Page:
HipHopWired Featured Video
The Eighth Annual Muhammad Ali Humanitarian Awards

Source: Stephen J. Cohen / Getty

Charles Booker, the Democratic challenger for the United States Senate in Kentucky, wore a noose in his new campaign ad directly challenging current GOP Senator Rand Paul, and  the history of lynching in the nation.

In a campaign ad that is certain to stir up conversation, the Democratic candidate Charles Booker wears a noose around his neck as he takes aim at his opponent, Republican Senator Rand Paul of Kentucky. The ad starts out with a content warning for “strong imagery”, before opening with an image of the noose hanging from a tree. “In Kentucky, like many states throughout the South, lynching was a tool of terror. It was used to kill hopes for freedom. It was used to kill my ancestors,” he says as a montage of images including a noose at the U.S. Capitol on January 6th and those of Black people being lynched is shown, with a cut directly to Booker wearing the noose as the last line is spoken.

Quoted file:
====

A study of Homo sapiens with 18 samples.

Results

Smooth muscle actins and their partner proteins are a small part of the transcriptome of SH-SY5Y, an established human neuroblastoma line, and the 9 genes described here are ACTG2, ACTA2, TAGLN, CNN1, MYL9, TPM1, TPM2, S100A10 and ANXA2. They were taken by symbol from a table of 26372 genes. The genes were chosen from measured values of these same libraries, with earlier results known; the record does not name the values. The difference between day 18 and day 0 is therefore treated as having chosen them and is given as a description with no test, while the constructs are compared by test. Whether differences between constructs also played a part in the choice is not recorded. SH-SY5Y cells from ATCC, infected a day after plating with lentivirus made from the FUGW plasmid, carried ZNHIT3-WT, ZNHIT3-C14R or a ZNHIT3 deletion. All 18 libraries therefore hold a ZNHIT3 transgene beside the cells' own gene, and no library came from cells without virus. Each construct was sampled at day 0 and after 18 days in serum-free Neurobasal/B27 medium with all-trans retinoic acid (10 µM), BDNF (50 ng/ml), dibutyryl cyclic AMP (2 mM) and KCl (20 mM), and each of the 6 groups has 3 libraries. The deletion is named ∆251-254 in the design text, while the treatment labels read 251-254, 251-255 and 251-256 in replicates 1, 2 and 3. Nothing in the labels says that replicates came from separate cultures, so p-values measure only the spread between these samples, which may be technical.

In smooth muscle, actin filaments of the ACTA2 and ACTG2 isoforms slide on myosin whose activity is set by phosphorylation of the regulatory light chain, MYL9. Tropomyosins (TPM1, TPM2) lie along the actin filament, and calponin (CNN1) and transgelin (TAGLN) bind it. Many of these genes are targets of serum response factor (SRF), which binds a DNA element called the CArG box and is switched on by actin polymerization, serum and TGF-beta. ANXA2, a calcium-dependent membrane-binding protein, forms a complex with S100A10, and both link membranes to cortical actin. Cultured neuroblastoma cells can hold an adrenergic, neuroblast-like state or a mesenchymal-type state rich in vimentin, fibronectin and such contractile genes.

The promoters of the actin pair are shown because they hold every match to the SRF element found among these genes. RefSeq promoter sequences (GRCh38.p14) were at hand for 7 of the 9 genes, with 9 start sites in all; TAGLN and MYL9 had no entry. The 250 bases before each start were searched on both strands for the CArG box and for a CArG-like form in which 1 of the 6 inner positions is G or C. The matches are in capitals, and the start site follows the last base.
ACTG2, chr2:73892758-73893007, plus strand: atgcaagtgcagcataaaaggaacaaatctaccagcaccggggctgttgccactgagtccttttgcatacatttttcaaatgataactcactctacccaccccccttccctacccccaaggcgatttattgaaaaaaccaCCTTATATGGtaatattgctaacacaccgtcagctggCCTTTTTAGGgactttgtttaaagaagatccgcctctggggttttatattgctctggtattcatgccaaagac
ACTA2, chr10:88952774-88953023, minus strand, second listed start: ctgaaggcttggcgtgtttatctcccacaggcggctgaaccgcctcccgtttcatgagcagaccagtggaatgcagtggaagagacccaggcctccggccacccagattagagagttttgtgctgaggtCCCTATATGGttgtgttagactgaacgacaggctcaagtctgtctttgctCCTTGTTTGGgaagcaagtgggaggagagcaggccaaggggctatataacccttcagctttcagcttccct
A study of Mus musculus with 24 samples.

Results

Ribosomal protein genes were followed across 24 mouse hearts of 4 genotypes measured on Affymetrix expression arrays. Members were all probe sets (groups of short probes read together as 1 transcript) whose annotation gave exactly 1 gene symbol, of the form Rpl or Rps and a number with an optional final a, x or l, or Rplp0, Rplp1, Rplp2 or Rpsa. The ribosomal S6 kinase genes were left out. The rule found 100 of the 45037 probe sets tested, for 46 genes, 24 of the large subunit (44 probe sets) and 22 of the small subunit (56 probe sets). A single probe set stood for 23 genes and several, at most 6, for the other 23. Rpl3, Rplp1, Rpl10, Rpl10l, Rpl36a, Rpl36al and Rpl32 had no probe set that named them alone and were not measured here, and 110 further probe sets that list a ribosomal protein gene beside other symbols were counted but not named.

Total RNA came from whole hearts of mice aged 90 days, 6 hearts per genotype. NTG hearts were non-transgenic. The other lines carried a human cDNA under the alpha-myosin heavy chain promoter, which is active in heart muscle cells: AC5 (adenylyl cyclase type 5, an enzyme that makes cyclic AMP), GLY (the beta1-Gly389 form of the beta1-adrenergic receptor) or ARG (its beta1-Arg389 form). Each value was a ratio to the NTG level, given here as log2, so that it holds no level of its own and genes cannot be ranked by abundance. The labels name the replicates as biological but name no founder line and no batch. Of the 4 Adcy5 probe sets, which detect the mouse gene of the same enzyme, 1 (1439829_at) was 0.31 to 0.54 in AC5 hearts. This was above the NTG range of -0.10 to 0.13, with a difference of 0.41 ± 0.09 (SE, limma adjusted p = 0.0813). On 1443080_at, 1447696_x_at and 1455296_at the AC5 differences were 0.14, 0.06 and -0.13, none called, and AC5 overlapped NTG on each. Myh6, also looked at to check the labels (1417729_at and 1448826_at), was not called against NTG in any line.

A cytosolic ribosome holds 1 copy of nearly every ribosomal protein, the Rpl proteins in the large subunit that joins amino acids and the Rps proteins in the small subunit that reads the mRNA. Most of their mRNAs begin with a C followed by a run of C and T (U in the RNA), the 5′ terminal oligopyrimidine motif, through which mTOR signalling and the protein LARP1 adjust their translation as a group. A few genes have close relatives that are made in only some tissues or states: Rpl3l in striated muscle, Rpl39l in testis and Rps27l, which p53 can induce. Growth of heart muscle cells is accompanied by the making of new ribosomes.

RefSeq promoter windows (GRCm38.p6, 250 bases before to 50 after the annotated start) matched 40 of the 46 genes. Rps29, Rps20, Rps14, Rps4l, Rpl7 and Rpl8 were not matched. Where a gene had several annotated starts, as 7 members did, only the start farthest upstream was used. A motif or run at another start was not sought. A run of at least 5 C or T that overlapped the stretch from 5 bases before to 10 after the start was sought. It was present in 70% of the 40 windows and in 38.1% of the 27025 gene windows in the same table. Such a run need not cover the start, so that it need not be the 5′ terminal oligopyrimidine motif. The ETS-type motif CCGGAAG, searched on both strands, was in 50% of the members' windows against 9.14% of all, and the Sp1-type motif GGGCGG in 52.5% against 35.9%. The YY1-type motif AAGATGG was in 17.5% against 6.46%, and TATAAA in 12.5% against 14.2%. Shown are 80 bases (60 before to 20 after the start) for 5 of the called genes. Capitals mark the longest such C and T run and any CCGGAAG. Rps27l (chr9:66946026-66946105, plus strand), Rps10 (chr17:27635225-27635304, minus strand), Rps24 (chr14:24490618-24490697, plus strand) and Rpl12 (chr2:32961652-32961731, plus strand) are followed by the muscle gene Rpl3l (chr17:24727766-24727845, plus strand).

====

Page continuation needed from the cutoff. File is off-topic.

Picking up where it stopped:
After mentioning his appointment as the Democratic candidate, he then speaks of Paul and his record, tying his time in office to the feeling of having a noose around one’s neck. “The very person who compared expanded health care to slavery. The person who said he would have opposed the Civil Rights Act. The person who single-handedly blocked an anti-lynching act from being federal law,” he said. He ends the ad by removing the noose and saying: “In November, we will choose healing. We will choose Kentucky.”

Booker’s ad strikes hard at Paul, who in the past had held up the passage of the Emmett Till Antilynching Act, which was co-sponsored by Senators Cory Booker (D-N.J.), Tim Scott (R-S.C.), and Raphael Warnock (D-Ga.). His rationale at the time was that he wanted it “to be stronger”, saying “I don’t think it’s a good idea to conflate someone who has an altercation, where they had minor bruises, with lynching.” He’d later support an updated version in March which led to it being passed unanimously by the Senate.

Watch the ad in its entirety below. Be advised that it is graphic.